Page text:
Ebola Travel Ban
People walk past health workers wearing protective masks and gloves at the Felix Houphouet Boigny International Airport in Abidjan on Aug. 12. Ivory Coast on Monday banned air travelers from Guinea, Liberia and Sierra Leone, the three countries worst-hit by the Ebola outbreak and ordered its flagship carrier, Air Cote d'Ivoire, to cease flights to and from those countries. Ivory Coast has not registered any cases but is seen as vulnerable given its shared borders with Guinea and Liberia. REUTERS/Luc Gnago

In the midst of the largest-ever Ebola virus outbreak in West Africa, regional officials have imposed a series of travel bans in affected areas. The measures are meant to help contain the disease but actually are causing more problems for international organizations trying to send equipment and health workers to needy areas.

In addition, African tourism is taking a big hit from what analysts say is an over-reaction.

“Air travel to the affected countries should not be canceled or restricted,” Dan Epstein, a spokesperson for the World Health Organization (WHO), a United Nations agency, told International Business Times. “It’s actually making the problem worse.”

The Ebola virus has already killed more than 2,000 people in Guinea, Liberia and Sierra Leone since it first appeared in March. Health workers have had difficulty getting medicine to victims. But as more countries impose travel bans and airlines cancel service to affected areas, health workers' jobs get harder and more expensive.

“Logisticians are just tearing their hair out,” Epstein said, referring to those who create and implement plans for getting help to those in need.

He said that even the WHO Director General Margaret Chan and David Nabarro, the U.N. secretary-general's special representative on Ebola had trouble getting where they needed to go and had to take especially long routes without the help of airlines.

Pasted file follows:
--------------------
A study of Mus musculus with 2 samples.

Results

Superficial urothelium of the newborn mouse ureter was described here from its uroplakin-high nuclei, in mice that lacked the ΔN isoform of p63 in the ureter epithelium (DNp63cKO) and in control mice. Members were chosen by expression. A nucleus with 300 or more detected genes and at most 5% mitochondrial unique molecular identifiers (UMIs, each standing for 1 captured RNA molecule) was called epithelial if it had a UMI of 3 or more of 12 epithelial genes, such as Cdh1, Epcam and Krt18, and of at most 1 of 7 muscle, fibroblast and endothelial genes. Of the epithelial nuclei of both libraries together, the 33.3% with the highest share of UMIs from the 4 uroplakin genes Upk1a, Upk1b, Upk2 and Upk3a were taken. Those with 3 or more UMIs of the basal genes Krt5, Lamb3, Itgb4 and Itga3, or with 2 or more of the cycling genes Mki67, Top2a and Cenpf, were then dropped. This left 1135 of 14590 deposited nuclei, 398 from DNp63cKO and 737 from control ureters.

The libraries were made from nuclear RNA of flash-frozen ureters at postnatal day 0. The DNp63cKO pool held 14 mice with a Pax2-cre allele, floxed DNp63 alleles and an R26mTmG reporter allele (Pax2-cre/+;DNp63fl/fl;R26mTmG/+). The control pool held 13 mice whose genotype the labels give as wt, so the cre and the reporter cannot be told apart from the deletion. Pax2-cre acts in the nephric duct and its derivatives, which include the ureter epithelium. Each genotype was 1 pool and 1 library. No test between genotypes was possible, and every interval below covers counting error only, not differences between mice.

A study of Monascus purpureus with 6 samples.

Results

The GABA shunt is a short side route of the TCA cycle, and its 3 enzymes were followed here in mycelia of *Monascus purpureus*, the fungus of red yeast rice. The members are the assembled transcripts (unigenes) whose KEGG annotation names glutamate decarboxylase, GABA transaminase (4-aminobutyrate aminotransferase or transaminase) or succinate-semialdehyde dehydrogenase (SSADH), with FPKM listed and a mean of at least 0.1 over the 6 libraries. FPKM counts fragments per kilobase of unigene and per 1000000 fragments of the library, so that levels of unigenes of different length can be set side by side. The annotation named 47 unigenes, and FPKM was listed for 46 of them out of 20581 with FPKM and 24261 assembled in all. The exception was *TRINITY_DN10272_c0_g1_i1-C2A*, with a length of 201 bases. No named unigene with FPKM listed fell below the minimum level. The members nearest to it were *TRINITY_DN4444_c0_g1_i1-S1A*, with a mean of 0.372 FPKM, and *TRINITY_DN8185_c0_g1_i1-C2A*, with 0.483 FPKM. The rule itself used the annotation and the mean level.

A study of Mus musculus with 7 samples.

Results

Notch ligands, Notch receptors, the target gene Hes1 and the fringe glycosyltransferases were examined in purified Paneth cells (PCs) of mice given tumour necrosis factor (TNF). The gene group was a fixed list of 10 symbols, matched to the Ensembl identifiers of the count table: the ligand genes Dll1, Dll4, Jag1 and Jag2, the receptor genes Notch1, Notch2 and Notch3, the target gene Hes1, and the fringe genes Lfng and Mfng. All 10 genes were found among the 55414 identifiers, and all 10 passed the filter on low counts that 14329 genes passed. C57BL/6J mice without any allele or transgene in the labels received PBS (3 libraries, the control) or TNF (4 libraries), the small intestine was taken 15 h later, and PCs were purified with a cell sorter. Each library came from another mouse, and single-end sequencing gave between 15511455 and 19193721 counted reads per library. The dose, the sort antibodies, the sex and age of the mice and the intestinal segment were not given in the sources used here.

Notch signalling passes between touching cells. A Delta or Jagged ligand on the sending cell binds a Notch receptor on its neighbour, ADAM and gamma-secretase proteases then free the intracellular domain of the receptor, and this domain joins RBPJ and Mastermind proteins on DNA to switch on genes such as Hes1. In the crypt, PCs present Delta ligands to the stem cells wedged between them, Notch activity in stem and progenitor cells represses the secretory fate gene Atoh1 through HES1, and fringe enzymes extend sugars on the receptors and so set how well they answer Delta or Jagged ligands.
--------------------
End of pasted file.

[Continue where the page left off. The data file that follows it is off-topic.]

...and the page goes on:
“We have to lift all restrictions,” he said. “Otherwise what are we going to do? Run U.N. flights into those countries? The U.N. doesn’t really have that capability.”

A handful of airlines and African countries have effectively isolated Guinea, Liberia and Sierra Leone, the three countries most hard-hit by the Ebola outbreak. British Airways, Emirates and other carriers have also cancelled service to affected countries. South Africa and Kenya have both banned travelers from the region.

However, the majority of airports are screening all passengers who come in from affected areas, and so should be able to detect and control any sick passengers immediately. The U.S. Centers for Disease Control and Prevention, like other health organizations, has issued an extensive list of guidelines to help airline staff detect and control possible cases.

Regardless, “there’s a huge fear factor involved. People are deathly afraid of Ebola and want to isolate themselves," Epstein said.

That fear is a problem not just for health workers, but businesses around the continent, not just in the affected areas.

“For sectors such as tourism, foreigners may not discriminate and countries even in other regions of Africa may be lumped together with the three West African countries,” Amadou Sy, Africa economist at the Brookings Institute, said.

Recently, Korean Air Lines canceled its flights to Nairobi because of Ebola fears. Tour operators in Tanzania, which is more than 3,000 miles away from the outbreak and on the opposite coast of the continent, told the Wall Street Journal that they had received cancellations because of the outbreak.